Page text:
Dr. Aran received her undergraduate degree in electrical engineering at the City University of New York in 2007 and her Ph.D in biomedical engineering at Rutgers University in 2012. She then continued her postdoctoral studies in bioengineering at the University of California Berkeley and was a recipient of National Institutes of Health (NIH) postdoctoral training fellowship at the Buck Institute for Age Research in 2015. She joined Keck Graduate Institute in 2017 as an Assistant Professor and is a currently a visiting scientist at the University of California Berkeley. She is also a consultant for Bill and Melinda Gate Foundation and cofounder of NanoSens innovations. Since starting her faculty position in 2017, Dr. Aran work has been supported by various funds including one RO1, industry sponsored research and a 3 years subaward from University of California Berkeley.
Read her Emerging Investigator Series article “Graphene-based biosensor for on-chip detection of Bio-orthogonally Labeled Proteins to Identify the Circulating Biomarkers of Aging during Heterochronic Parabiosis” and find out more about her in the interview below:
Your recent Emerging Investigator Series paper focuses on digital detection of tagged proteins in vivo to identify the circulating biomarkers in aging. How has your research evolved from your first article to this most recent article?
I was a recipient of an NIH T32 award during my last years of postdoc training at UC Berkeley (2015-2017) which provided me with the opportunity to work with Dr. Irina Conboy, a pioneer in utilizing bio-orthogonally labeled proteins for research on aging. This approach enabled the detection of several rejuvenating protein candidates from the young parabiont, which were transferred to the old mammalian tissue through their shared circulation. Although this method was very powerful, there were a lot of challenges with the detection of these tagged proteins including very time consuming, complex and expensive assays, large sample requirement and false positive. I started working on this project as a side project along with other projects I had with Dr. Conboy just to make the process more facile so we can detect these protein faster and more continuously. This work is a great example of utilizing a lab on a chip technology for a real application. I have also started collaboration with nanomedical diagnostics, a startup company in San Diego, to enable mass production of our chips with high reproducibility. With my academic and industrial collaborators, we are planning to utilize this technology for at least two different applications in the near future to better understand the biology of aging.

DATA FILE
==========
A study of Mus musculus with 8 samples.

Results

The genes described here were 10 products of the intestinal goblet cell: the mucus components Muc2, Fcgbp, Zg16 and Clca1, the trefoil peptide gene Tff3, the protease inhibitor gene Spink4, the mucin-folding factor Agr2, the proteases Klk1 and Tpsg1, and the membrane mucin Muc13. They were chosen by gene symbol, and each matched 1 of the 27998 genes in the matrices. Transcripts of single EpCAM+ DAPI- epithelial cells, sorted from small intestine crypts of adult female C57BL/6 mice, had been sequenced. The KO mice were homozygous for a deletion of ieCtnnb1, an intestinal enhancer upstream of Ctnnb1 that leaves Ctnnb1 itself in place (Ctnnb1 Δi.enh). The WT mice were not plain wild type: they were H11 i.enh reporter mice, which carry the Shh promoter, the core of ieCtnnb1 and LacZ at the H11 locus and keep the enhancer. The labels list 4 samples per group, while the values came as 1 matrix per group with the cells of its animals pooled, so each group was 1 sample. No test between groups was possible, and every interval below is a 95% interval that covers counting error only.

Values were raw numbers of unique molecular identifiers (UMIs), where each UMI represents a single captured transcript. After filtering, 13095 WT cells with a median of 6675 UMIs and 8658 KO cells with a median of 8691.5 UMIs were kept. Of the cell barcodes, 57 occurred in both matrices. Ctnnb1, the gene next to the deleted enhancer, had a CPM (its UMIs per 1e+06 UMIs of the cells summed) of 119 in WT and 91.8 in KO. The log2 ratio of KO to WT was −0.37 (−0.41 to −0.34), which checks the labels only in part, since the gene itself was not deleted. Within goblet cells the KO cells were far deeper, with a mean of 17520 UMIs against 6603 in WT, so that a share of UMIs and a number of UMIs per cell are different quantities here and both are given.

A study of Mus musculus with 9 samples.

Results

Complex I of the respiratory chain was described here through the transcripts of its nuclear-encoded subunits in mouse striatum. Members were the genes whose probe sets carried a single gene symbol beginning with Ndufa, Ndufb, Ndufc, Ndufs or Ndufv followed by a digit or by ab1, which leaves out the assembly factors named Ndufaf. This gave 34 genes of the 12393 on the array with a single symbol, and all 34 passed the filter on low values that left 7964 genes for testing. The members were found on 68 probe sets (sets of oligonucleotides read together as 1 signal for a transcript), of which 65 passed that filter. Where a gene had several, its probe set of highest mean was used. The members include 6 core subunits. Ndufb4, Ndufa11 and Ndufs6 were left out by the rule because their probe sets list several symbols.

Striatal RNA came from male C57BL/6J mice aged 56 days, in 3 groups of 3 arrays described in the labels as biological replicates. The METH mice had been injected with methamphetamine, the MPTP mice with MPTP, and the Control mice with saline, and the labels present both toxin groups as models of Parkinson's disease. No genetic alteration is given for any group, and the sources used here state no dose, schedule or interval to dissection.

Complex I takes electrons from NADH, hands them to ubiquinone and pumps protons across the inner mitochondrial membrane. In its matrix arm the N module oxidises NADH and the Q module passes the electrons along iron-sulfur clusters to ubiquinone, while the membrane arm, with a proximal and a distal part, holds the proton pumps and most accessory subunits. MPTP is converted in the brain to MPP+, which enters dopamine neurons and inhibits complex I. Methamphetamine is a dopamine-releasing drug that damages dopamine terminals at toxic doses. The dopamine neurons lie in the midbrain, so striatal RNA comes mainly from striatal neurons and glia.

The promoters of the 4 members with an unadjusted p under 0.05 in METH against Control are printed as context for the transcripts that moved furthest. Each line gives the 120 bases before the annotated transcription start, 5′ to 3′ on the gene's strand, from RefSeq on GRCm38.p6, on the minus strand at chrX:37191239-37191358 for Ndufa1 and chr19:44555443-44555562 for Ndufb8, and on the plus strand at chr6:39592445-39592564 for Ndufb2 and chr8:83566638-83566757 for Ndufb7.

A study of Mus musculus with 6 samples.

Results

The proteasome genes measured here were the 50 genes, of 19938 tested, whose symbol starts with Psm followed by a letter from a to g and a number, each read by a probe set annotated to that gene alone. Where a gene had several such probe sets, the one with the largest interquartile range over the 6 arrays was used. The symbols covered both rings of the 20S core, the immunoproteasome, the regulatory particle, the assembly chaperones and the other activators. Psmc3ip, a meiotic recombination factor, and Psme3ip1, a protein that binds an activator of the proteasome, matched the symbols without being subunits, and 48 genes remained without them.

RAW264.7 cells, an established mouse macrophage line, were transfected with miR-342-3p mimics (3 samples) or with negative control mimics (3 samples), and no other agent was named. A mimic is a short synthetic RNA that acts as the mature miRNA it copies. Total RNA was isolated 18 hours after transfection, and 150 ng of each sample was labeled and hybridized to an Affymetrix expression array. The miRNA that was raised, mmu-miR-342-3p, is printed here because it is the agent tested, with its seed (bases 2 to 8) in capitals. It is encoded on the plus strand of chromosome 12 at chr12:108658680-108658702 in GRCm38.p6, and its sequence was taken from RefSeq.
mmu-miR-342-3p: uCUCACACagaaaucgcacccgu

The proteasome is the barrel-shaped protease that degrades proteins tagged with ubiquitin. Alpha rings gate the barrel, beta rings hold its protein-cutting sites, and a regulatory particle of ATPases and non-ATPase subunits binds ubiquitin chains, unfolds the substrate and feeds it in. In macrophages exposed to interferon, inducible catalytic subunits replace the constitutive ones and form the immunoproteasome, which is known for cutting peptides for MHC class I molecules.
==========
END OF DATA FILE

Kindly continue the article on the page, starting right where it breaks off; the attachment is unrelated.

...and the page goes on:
What aspect of your work are you most excited about at the moment?
I am very excited to see my technologies go beyond publications. Two of my inventions have been licensed toward developing medical devices for drug delivery and medical diagnostics and the joy from that have been the biggest drive for me to work harder.
In your opinion, what is the future of portable devices for biosensing?
Even though still in its emerging stage, digital diagnostics and 2D materials will shape the future of biosensors.
What do you find most challenging about your research?
As a junior faculty, it is difficult to recruit highly motivated postdoctoral researchers. Unfortunately, the majority of postdoctoral candidates often look for a well-established laboratory headed by a leading scientist. Students and postdoc should know that working in a new lab can be challenging but can provide researcher with opportunities to strengthen their scientific and management skills.
In which upcoming conferences or events may our readers meet you?
I will be presenting some of my biosensor work in the upcoming IEEE EMBS MNMC Conference
How do you spend your spare time?
I love what I do so I can not define my spare time from my work time. I have recently co-founded a startup in digital diagnostics so that takes my weekend but I love it. I also paint when I feel like painting. But I do run, swim and work out routinely after work and enjoy a variety of sports. I have also started traveling to small villages around the world with my friends where we help in building schools.
Which profession would you choose if you were not a scientist?
I love painting and would have explored a career in art.
Can you share one piece of career-related advice or wisdom with other early career scientists?
Have a vision. Sometimes we get lost in small career goals such as publishing but if you have a vision of what you are trying to accomplish you can define your career path, you will start working with the right people who support your vision, you will attend the right conferences and workshops for your career development and you will definitely be successful.